Crowdfunding has become a solution to tight budgets for all kinds of projects, from art exhibitions to movies based on beloved television shows. Now, it might help send students to study overseas.

Jackson State University, in Mississippi, has started a crowdfunding campaign to support at least 140 students who are planning to study abroad later this spring.

The Jackson State Passport to the World program provides students with the opportunity to study abroad in China, Brazil, France, Spain and the Dominican Republic. Though the program offers a great opportunity for students to broaden their horizons and learn about other cultures, the cost, which can run to as much as $2,000, can be prohibitively expensive for students, many of whom rely on financial aid to support their studies.

There is financial aid available to students to help offset the cost of the study abroad program, according to Pricilla Slade, special assistant to the provost for JSU-Global and Community College Relations.

Paying for study abroad is “just like paying tuition,” said Slade. However, school officials acknowledged, the fact that students receive different amounts of financial aid means that some are more able than others to cover the costs of study abroad. For that reason, the university decided to create a crowdsourcing campaign to help support students with greater financial need.

 “We realize how important this is for students’ educational growth and development and the impact it can have on their future,” Slade said. “That is the reason why we’re working so hard to make this opportunity available to as many students that qualify and can financially make the trip.”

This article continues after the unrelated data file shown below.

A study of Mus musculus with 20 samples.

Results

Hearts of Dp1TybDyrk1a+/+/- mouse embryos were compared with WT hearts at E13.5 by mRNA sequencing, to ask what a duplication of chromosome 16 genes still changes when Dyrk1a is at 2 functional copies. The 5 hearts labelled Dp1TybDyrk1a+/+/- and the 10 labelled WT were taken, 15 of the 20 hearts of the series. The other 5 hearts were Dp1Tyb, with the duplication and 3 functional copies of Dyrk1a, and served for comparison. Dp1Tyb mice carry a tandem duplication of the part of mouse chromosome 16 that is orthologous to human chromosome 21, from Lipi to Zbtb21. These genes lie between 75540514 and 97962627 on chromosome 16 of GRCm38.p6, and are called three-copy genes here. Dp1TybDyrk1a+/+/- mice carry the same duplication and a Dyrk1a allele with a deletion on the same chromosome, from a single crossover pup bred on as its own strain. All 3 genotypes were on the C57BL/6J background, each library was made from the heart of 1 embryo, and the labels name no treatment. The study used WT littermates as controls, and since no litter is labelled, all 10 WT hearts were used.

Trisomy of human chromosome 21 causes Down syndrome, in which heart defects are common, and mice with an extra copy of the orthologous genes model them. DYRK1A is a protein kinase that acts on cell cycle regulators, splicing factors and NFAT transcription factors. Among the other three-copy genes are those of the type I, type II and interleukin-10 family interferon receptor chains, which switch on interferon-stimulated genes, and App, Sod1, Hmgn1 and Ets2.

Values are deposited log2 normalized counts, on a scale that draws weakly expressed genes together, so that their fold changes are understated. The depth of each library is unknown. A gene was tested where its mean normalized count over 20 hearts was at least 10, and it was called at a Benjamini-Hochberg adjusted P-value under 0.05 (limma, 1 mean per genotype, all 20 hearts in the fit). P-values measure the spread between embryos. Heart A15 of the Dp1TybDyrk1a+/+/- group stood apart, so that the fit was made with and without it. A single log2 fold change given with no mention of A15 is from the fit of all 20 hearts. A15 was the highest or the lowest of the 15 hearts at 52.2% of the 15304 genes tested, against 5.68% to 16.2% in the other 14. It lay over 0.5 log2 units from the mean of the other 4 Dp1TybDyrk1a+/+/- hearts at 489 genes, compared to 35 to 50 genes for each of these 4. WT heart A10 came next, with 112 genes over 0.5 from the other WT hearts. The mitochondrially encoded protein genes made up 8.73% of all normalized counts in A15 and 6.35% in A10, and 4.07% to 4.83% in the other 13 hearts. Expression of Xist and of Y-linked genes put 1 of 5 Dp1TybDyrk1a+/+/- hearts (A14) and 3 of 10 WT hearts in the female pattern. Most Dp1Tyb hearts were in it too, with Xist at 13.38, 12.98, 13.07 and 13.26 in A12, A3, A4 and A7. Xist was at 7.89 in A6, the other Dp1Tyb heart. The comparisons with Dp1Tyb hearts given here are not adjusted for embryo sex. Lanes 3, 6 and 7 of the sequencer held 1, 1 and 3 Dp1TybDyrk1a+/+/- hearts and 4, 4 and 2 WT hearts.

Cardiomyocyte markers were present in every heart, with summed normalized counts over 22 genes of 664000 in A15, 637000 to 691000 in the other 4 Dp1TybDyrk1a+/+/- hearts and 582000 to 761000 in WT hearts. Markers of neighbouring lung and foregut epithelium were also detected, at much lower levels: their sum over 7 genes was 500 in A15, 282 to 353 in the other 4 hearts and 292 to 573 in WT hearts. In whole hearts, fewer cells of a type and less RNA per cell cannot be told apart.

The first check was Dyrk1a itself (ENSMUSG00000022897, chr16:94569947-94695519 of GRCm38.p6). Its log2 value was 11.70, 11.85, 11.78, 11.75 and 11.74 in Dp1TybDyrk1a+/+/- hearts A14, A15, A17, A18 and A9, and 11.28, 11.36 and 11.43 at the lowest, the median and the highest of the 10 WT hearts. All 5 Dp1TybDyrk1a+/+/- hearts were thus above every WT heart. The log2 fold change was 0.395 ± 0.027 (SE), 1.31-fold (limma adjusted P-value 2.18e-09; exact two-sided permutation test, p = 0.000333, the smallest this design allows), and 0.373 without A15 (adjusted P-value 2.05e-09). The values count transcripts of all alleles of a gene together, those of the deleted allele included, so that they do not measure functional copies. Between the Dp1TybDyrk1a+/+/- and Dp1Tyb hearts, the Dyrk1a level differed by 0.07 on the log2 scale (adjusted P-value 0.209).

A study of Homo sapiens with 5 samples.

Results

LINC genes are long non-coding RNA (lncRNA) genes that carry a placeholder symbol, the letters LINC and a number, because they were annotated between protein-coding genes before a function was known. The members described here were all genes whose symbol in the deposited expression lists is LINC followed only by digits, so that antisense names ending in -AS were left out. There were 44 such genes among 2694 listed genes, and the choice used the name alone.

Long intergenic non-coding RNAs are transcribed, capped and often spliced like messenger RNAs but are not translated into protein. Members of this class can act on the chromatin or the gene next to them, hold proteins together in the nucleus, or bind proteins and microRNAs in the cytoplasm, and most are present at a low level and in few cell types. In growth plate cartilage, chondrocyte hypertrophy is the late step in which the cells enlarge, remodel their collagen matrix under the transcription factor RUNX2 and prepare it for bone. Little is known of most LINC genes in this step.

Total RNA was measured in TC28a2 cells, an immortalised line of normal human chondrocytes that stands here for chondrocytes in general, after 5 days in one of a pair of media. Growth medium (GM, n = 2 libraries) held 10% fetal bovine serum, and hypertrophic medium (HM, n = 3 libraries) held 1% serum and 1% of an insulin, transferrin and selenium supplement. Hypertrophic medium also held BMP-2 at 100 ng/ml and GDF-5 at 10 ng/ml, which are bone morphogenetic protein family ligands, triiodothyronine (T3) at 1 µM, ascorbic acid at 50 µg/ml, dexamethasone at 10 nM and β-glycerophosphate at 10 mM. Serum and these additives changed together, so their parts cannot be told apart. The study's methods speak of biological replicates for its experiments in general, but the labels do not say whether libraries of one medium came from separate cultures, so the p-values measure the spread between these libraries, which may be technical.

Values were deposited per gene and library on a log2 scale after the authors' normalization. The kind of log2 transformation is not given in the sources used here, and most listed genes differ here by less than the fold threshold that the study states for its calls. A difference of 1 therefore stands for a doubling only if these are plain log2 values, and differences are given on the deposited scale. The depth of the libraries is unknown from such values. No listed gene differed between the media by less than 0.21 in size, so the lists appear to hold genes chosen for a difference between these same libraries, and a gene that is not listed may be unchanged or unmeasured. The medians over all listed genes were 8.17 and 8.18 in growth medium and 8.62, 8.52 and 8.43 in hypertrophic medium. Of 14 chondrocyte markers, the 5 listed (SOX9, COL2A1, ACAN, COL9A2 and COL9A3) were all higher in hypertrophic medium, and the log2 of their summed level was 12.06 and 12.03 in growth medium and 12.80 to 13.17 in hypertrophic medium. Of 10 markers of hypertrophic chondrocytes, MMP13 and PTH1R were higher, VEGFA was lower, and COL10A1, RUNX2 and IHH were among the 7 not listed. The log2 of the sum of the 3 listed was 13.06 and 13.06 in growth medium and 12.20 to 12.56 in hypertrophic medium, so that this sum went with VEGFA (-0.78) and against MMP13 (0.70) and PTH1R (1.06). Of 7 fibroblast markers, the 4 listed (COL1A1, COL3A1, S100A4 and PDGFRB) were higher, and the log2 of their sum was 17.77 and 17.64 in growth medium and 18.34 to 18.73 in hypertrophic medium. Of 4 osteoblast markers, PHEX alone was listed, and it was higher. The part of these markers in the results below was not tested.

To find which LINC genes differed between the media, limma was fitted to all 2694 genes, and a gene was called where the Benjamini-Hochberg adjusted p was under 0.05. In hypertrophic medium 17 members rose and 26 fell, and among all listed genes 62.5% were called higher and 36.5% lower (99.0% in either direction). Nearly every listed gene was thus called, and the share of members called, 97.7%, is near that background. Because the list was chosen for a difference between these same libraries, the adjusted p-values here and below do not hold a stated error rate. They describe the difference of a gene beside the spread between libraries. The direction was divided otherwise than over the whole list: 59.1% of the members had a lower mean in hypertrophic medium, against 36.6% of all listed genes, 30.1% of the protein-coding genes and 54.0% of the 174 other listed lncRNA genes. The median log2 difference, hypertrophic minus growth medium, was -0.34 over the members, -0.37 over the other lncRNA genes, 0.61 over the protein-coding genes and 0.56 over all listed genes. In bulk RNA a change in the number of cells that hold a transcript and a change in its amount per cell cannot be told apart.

Passport to the World is a four-week international education experience that includes research and experiential learning, with students spending two weeks abroad and two weeks on campus.

JSU and the Council of International Educational Exchange (CIEE) are cooperating to cover the costs of passports for students who need them. If the campaign meets its goals, Jackson State plans to distribute the money raised based on individual student need, and use any extra funds for scholarships.

Jasmine Harvey, 22, who is studying social work, hopes the campaign will help her be able to study in Paris.

“I’m trying to gain a cultural competence to be able to travel anywhere and adjust and also bring the information back and pass the word on as to what goes on in their cultures and how their people function,” said Harvey.

This initiative is one way that JSU is supporting the Institute of International Education (IIE) in its “Generation Study Abroad” initiative, which seeks to double the number of US students studying abroad over the next five years.

A major criticism leveled at current study abroad programs and demographics is that the majority of US students studying abroad are white liberal arts majors – and that most of them choose to study in Europe. Passport to the World is aimed at addressing those issues, with just two of the six study abroad destinations located in Europe. The majority of students that participate in the program are African-American.